Shakespeare’s Plagiarism of King Lear

In creating the tragedy play King Lear, William Shakespeare plagiarized many sources in getting the base-line story, but it required his genius and intellect to place them together to create the true tragedy with its multiple plot lines that his play turned out to be in the end. The story of King Lear (or as it started, King Leir) is first seen in literature in the year 1135, contained in Geoffrey of Monmouth’s Historia Regum Britanniae. Other authors placed King Leir into their stories including; John Higgins in A Mirror for Magistrates (1574), by Warner in Albion’s England (1586), by Holinshed in The Second Book of the Historie of England (1577), and by Spencer in The Faerie Queen (1590). The most influential of all was probably The True Chronicle History of King Leir, which was anonymous. This play was performed as early as 1594, which is when it showed up in the “Stationers’ Register.” Kenneth Muir even suggested that Shakespeare “may have acted in it” (Muir 141). Shakespeare took the best of all the sources of King Leir, added his touches and personality, and created the masterpiece we enjoy today.

Geoffrey of Monmouth in Historia Regum Britanniae, gave us the description of King Lear and his three daughters, and also the basis for the love test. One major difference is that unlike Shakespeare’s Lear, Geoffrey’s Leir does not appear to be insane and has not lost control of his mind. In fact, he regains control of the kingdom, with the help of the King of France. According to Geoffrey Bullough, “This is no senile man” (Bullough 273). Whether Shakespeare actually read this account of the daughters and the love test or read it in a later version cannot be proven, but…


Works Cited

Bullough, Geoffrey. “King Lear”. Narrative and Dramatic Sources of Shakespeare. London: Routledge and Kegan Paul, 1973.

Muir, Kenneth. “Great Tragedies I: King Lear.” Shakespeare’s Sources. London: Methuen

King Lear’s Self Discovery

King Lear’s Self Discovery

Although King Lear is an estimable monarch, as revealed by the devotion of men such as Kent, he has serious character flaws. His power as king has encouraged him to be proud and impulsive, and his oldest daughters Regan and Goneril reflect that “The best and soundest of his time hath been but rash…” and that “he hath ever but slenderly known himself” (1.1.297-298, 295-296). When Lear decides to divide his kingdom between his three daughters, Cordelia, Goneril, and Regan in order to have less responsibility in his old age, he creates a situation in which his eldest daughters gain authority over him and mistreat him. Lear is unable to cope with his loss of power and descends into madness. While the circumstances in which Lear finds himself are instrumental in the unfolding of this tragedy, it is ultimately not the circumstances themselves, but King Lear’s rash reactions to them that lead to his downfall. In this downfall, Lear is forced to come to terms with himself as a mortal man.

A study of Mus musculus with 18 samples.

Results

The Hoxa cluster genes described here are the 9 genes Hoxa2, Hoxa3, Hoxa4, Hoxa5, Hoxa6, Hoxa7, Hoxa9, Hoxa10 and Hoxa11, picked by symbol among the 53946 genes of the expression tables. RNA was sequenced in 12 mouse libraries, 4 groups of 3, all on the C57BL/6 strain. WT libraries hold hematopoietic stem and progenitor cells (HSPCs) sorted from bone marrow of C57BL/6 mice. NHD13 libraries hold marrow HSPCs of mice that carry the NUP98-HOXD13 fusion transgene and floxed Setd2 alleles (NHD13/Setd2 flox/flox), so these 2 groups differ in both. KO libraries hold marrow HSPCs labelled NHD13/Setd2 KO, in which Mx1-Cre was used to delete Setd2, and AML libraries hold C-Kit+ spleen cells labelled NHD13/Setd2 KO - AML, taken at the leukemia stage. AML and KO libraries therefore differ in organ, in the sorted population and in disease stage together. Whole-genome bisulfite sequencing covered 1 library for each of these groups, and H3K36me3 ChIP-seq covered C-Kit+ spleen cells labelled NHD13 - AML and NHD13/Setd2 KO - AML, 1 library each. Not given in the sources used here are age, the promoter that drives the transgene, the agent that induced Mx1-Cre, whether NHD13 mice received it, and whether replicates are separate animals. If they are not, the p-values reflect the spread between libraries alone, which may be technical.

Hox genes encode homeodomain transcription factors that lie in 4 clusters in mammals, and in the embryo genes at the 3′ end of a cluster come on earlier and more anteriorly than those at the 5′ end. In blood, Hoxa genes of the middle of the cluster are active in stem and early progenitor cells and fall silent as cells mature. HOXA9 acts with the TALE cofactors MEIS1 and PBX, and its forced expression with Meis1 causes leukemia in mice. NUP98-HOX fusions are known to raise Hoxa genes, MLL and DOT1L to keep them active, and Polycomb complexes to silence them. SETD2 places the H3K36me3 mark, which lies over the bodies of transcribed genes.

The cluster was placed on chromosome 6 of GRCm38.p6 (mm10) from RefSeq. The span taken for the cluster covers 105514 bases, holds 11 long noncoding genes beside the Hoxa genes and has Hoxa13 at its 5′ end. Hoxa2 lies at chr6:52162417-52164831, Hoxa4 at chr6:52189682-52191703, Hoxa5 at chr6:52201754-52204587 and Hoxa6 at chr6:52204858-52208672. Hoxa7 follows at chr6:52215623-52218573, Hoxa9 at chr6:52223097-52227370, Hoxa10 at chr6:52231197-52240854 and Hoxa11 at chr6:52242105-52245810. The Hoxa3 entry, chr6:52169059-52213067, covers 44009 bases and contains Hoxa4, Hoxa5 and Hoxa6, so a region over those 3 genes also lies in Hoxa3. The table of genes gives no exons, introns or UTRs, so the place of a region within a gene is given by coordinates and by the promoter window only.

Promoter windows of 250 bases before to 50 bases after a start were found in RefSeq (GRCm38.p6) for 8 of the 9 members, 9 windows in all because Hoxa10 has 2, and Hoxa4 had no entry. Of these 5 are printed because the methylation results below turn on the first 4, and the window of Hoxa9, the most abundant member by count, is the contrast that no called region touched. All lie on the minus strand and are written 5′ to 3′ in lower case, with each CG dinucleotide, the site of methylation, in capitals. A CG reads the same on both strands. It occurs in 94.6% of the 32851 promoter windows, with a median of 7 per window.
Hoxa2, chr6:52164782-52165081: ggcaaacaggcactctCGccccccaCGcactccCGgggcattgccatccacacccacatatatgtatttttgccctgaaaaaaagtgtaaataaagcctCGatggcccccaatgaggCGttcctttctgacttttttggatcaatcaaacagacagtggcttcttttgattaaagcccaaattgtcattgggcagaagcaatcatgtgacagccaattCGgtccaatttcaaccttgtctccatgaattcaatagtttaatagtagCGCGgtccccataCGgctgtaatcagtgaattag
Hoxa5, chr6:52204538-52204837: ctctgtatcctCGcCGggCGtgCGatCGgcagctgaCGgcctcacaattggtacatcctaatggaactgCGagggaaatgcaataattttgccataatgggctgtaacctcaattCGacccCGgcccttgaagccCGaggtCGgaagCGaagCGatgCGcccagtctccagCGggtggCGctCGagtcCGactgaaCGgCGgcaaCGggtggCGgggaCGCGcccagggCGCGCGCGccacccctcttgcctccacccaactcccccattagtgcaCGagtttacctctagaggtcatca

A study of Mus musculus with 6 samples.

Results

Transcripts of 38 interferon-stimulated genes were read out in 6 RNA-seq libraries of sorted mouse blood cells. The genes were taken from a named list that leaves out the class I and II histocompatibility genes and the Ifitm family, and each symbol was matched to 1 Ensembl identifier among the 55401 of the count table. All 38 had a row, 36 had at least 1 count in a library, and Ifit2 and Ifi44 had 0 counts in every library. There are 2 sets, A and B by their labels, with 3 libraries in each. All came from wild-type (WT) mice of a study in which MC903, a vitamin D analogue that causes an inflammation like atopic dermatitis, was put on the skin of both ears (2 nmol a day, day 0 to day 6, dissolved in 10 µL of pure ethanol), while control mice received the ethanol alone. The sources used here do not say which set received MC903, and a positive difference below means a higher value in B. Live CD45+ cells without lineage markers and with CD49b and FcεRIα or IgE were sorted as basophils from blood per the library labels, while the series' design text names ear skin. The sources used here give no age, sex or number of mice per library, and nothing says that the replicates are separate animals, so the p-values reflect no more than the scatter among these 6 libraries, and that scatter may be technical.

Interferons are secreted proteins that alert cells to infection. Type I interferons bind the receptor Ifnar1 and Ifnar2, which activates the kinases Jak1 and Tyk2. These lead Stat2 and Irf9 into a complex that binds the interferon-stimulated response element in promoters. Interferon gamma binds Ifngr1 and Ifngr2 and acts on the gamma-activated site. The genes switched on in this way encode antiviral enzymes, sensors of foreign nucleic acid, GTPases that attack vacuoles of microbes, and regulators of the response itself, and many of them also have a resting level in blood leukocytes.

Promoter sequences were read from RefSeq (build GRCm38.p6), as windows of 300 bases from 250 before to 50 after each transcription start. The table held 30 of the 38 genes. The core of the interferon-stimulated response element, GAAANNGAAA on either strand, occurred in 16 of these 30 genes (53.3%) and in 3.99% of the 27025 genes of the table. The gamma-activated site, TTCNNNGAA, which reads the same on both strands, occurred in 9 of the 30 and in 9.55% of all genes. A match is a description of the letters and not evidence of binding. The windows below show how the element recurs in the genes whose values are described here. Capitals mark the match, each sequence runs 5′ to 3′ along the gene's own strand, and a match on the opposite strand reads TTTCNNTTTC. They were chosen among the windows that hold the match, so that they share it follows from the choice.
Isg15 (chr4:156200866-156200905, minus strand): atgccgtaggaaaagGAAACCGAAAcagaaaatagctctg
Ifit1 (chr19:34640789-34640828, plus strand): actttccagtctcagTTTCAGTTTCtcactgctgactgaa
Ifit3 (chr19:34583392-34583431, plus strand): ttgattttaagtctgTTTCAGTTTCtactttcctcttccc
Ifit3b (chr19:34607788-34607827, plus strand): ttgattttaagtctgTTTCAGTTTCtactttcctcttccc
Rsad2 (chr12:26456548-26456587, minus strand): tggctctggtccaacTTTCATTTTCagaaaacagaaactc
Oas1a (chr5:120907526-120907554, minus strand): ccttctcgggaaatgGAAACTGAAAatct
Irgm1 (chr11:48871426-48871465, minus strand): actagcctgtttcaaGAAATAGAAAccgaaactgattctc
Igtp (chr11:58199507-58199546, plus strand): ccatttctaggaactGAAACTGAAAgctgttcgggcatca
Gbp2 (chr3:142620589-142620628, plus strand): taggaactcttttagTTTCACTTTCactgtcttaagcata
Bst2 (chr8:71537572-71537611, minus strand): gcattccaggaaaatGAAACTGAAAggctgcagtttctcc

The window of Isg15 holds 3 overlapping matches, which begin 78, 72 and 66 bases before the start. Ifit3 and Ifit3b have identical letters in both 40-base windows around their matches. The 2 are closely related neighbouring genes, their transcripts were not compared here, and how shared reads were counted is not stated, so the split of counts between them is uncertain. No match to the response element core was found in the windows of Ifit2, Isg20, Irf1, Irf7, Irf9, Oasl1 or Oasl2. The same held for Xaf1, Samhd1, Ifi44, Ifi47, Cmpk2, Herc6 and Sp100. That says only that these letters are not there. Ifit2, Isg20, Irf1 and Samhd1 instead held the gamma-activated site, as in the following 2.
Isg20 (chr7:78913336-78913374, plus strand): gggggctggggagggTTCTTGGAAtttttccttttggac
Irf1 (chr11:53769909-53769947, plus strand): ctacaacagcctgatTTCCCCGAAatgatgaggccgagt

Lear’s self-destruction begins when he stands before the court to divide his kingdom and commands his daughters to profess their love for him. Cordelia, his youngest and most favored daughter, idealistically believes that words are unnecessary in the expression of love and refuses to profess her feelings. King Lear had planned to give the most land to Cordelia and to stay with her in his old age and he states of Cordelia, “I loved her most, and thought to set my rest/ On her kind nursery” (1.1.125-126). The king does not understand the motives behind Cordelia’s silence and is shocked by her unexpected reaction to his demand. He loses sight of his careful preparation for his future and in his…


Works Cited and Consulted

Artaud, Antonin. The Theatre and Its Double. Grove Press Inc. New York. 1958

Billington, Michael. Gielgud: His Greatest Triumphs. “The Age.” May 24, 2000.

Brook, Peter. The Empty Space. 1st Touchstone edition. Simon and Schuster Inc. 1996.

Noguchi, Isamu. Isamu Noguchi On the Dance. “Texts by Isamu Noguchi.”

Partee, Dr. Morriss Henry. Shakespeare Improved. University of Utah English Dept.

Shakespeare, William. The Tragedy of King Lear. Jay L. Halio. Ed. The New Cambridge Shakespeare. Cambridge University Press. New York. 1992.

Shakespeare, William. The Tragedy of King Lear. Ed. Russell Fraser. New York: Penguin, 1998.